Ten years on, Mozilla has concluded that its open-source underpinnings are due for a refresh.
The Firefox browser and Thunderbird e-mail software are governed by the Mozilla Public License, which determines what rights and restrictions apply to programmers who want to use the software in their own projects, extend it in various ways, or just peek at the programming instructions that underlie the software.
"Version 1.1 of the Mozilla Public License has been in use by Mozilla and other projects for over a decade. The spirit of the license has served us well by helping to communicate some of the values that underpin our large and growing community. However, some of its wording may be showing its age," Mozilla said in an announcement of the license refurbishing Wednesday.
The license, broadly speaking, lets people modify software governed by the MPL as long as the source code of the modifications is shared under the same license. However, it also permits companies or others to distribute binary versions of the software--the kind that computers run directly--that mingles MPL code with their own proprietary software.
As is fitting for an open-source license, Mozilla is seeking outside comment on what needs to be done. And on what's probably an ambitious schedule, given how hard it was to develop version 3 of the GNU General Public License (GPLv3), Mozilla hopes to finish it in October or November.
The license will continue to meet the Free Software Foundation's definition of free (as in freedom) and the Open Source Initiative's definition of open source, but will be simplified, according to the scope document.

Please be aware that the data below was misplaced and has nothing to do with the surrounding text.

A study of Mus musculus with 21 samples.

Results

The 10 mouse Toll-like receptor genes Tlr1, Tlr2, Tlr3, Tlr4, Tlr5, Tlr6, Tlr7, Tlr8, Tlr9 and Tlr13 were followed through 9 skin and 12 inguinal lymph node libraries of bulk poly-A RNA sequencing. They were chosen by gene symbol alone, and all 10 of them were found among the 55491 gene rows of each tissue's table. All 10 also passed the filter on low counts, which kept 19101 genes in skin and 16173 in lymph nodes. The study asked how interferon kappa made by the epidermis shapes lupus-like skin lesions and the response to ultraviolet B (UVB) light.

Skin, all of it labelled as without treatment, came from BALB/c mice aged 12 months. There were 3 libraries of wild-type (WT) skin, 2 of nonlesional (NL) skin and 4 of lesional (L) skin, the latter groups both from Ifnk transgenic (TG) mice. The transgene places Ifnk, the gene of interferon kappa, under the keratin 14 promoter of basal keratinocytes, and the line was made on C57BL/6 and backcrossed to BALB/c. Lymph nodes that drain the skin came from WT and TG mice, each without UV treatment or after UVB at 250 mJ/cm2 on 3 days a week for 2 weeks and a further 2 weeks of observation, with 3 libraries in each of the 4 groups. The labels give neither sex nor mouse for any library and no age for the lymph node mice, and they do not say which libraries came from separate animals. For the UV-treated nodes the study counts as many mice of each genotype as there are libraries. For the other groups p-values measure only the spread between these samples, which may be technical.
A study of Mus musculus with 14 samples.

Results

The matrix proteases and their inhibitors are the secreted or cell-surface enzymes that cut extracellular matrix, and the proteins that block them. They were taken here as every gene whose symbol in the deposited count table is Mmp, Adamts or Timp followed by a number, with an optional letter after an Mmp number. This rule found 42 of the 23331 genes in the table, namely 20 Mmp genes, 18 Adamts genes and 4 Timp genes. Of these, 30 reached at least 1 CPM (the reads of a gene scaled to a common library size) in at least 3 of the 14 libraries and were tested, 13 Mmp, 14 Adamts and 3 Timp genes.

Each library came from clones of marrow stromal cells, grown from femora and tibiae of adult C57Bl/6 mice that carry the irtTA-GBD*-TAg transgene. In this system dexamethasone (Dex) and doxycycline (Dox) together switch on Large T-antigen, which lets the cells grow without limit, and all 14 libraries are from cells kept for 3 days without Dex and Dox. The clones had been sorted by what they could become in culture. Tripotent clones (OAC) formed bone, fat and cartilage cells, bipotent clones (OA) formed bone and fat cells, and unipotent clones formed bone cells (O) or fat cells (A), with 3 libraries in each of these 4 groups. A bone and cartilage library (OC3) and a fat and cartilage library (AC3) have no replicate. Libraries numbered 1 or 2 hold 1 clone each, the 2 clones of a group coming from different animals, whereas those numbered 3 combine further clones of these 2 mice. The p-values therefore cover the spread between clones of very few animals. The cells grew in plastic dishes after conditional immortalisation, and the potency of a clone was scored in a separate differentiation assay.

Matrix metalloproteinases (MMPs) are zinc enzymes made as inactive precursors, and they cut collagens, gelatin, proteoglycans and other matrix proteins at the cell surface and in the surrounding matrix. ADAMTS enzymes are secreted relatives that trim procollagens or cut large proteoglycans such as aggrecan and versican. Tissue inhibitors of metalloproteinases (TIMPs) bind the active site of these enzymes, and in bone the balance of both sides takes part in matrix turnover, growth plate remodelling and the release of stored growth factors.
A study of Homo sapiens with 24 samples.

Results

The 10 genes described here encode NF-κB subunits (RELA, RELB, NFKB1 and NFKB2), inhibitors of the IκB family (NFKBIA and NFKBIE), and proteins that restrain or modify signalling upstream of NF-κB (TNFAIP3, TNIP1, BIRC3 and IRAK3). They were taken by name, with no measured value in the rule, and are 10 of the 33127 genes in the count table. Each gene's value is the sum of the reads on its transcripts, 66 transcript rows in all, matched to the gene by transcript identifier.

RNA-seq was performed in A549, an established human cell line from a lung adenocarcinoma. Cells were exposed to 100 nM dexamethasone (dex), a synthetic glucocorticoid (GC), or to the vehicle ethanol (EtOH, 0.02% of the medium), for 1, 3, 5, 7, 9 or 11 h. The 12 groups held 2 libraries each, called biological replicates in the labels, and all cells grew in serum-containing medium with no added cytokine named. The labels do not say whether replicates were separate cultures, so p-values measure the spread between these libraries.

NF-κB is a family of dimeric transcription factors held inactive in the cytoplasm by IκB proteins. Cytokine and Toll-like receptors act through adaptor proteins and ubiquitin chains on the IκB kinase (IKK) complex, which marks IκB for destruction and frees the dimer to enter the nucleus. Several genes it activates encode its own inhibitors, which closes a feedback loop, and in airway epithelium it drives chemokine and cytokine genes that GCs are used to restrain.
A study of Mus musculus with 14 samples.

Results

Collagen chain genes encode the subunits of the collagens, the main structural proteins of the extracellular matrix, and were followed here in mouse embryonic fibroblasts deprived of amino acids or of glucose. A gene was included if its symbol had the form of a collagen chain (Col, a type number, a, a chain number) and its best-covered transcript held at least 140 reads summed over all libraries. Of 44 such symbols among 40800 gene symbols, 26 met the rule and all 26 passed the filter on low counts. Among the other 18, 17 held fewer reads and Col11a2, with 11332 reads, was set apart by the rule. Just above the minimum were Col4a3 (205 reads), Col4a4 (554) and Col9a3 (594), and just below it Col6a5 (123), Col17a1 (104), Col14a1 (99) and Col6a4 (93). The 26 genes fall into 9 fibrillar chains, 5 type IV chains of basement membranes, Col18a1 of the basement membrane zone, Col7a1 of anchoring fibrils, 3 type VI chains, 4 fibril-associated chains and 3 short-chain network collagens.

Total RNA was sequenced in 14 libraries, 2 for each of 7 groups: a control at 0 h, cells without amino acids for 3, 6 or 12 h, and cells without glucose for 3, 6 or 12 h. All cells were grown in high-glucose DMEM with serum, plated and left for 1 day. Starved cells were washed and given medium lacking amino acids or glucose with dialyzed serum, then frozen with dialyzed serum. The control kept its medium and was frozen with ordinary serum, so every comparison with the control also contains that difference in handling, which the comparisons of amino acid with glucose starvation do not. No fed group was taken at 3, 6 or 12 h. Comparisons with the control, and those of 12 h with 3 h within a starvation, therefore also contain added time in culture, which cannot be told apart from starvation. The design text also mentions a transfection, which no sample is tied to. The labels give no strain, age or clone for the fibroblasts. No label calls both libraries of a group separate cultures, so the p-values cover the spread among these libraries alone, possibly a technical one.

More meaty is the investigation into, though not commitment to, these changes. Mozilla said:
Becoming Apache [License] compatible, both in our patent terms and more broadly, to help projects using the MPL become more flexible about using Apache-licensed code.
The impact of our patent license grant (particularly section 8.2) to reflect modern licensing practice.
Globalizing the license, to make it more appropriate for our global community of contributors.
Templatizing the license, and taking other appropriate steps to reduce license proliferation, including working with the authors of other license derivatives.
Updating the Source/Executable distinction for modern development practices, including interpreted languages, binary modification, and non-code users.
It's not the first attempt to reform the MPL. Sun Microsystems used the license as the basis for its Common Development and Distribution License (CDDL), a move that imposed a barrier between Linux and Sun's Solaris, but suggested a handful of changes that Mozilla didn't adopt.
Compatibility with Apache is notable, too. The Apache License is widely in the open-source realm, and compatibility would ease code sharing among projects governed by it and the MPL.